Bearing witness: While peers crossed over, the Blind Boys continued to keep the faith. 'Of course, it I was singing the blues,' Clarence Fountain can't help but add for the record, 'I'd tear it up just like B.B. King.'
Fountain of Youth
Blind Boys founder Clarence Fountain reflects on gospel's checkered crossover history
By Bill Forman
Clarence Fountain has witnessed his share of both successful and failed attempts to bring gospel to a broader audience: More than a decade before the Blind Boys of Alabama's resurgence on Peter Gabriel's Real World label, Fountain was starring on Broadway in the Obie-winning The Gospel at Colonus. But he was also part of Clara Ward's ill-fated touring Big Gospel Show in 1957.
"They had this idea that they could take gospel and do the same thing that rock & roll was doing," Fountain told me in an interview conducted back before his group signed to Gabriel's label. Indeed, while Ward's tour may have been a commercial failure, it signaled the beginning of an era in which more and more gospel artists were being tempted by the emerging R&B market, a career move Fountain dismissed as "singing for the devil."
"Sam Cooke's dad was a preacher, so he knew what he was doing," said Fountain, who recorded gospel for the same label as Cooke back in the mid-1950s. "I told him, you been singing about the Lord, and that's what brought you this far. If you don't think the Lord will carry you on, then go for yourself. More power to you.
"Hey, I had a chance to go too," said Fountain in a deep, rough-hewn voice that could outshout most any blues or R&B singer. "Little Richard was cutting with the same company, and he was out there making piles of money. All you needed was four chord changes to sing rock & roll. We wrote some tunes; we just didn't do them. The guys were urging me to go-go-go; I said no-no-no, I can't do that. You can't serve two masters at one time. You've got to serve God or serve man. Now I didn't say that--the Book said it. So I stay with the Lord." Pausing, the singer couldn't help but add for the record: "Of course, if I was singing the blues, I'd tear it up just like B.B. King."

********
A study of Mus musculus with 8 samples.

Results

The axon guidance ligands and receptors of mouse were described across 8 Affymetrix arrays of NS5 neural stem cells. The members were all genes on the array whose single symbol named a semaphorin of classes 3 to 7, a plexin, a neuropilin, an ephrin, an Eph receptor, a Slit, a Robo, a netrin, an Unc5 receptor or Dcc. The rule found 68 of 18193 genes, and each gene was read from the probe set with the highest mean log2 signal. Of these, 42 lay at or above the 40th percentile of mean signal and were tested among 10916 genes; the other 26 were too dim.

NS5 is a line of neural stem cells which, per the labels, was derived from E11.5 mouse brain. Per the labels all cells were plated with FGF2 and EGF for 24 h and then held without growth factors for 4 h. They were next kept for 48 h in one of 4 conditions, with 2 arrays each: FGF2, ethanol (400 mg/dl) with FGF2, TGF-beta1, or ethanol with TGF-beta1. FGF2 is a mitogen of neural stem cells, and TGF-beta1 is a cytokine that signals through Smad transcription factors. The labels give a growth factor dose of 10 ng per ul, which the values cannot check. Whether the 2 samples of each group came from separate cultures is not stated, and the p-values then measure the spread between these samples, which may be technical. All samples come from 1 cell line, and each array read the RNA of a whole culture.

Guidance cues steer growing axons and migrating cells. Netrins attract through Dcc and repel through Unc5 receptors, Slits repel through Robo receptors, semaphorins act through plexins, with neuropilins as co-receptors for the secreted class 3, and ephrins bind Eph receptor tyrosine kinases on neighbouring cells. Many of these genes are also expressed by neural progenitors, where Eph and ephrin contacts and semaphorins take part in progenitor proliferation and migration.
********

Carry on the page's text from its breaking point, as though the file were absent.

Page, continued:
Which is not to say that the group doesn't mix up its musical repertoire. "Hey, you have to be versatile to make this thing work," said Fountain. "All that music came from gospel; I don't care what kind it is. If you're talking about jazz, blues and gospel, gospel came first. That's a fact."
For Fountain, catering to mixed crowds all comes down to a matter of degree. "Just don't get too far across the line," he says. "You stay on your side of the line, you're all right."
In concert, the Blind Boys do everything short of stage diving to command the attention of audiences somewhere between a third and half their age. Their husky road manager, whose thankless job is to prevent the frenetic singers from crashing into mic stands and monitors, can often be found down in the crowd making futile attempts to drag soloing Blind Boy Jimmy Carter back onstage.
"The Blind Boys know how to play to the masses," explained Fountain. After a half-century of performing in churches and clubs and on Broadway, their stage formula is road-tested: Sing more. Talk less. But don't spare the theatrics. "You got to play psychological with the people," mused Fountain. "You know, the Bible describes people like cows or other animals. ..." He smiled, slowly stretching his syllables for dramatic effect: "Ee-zi-ly led to slaugh-ter."
Send a letter to the editor about this story.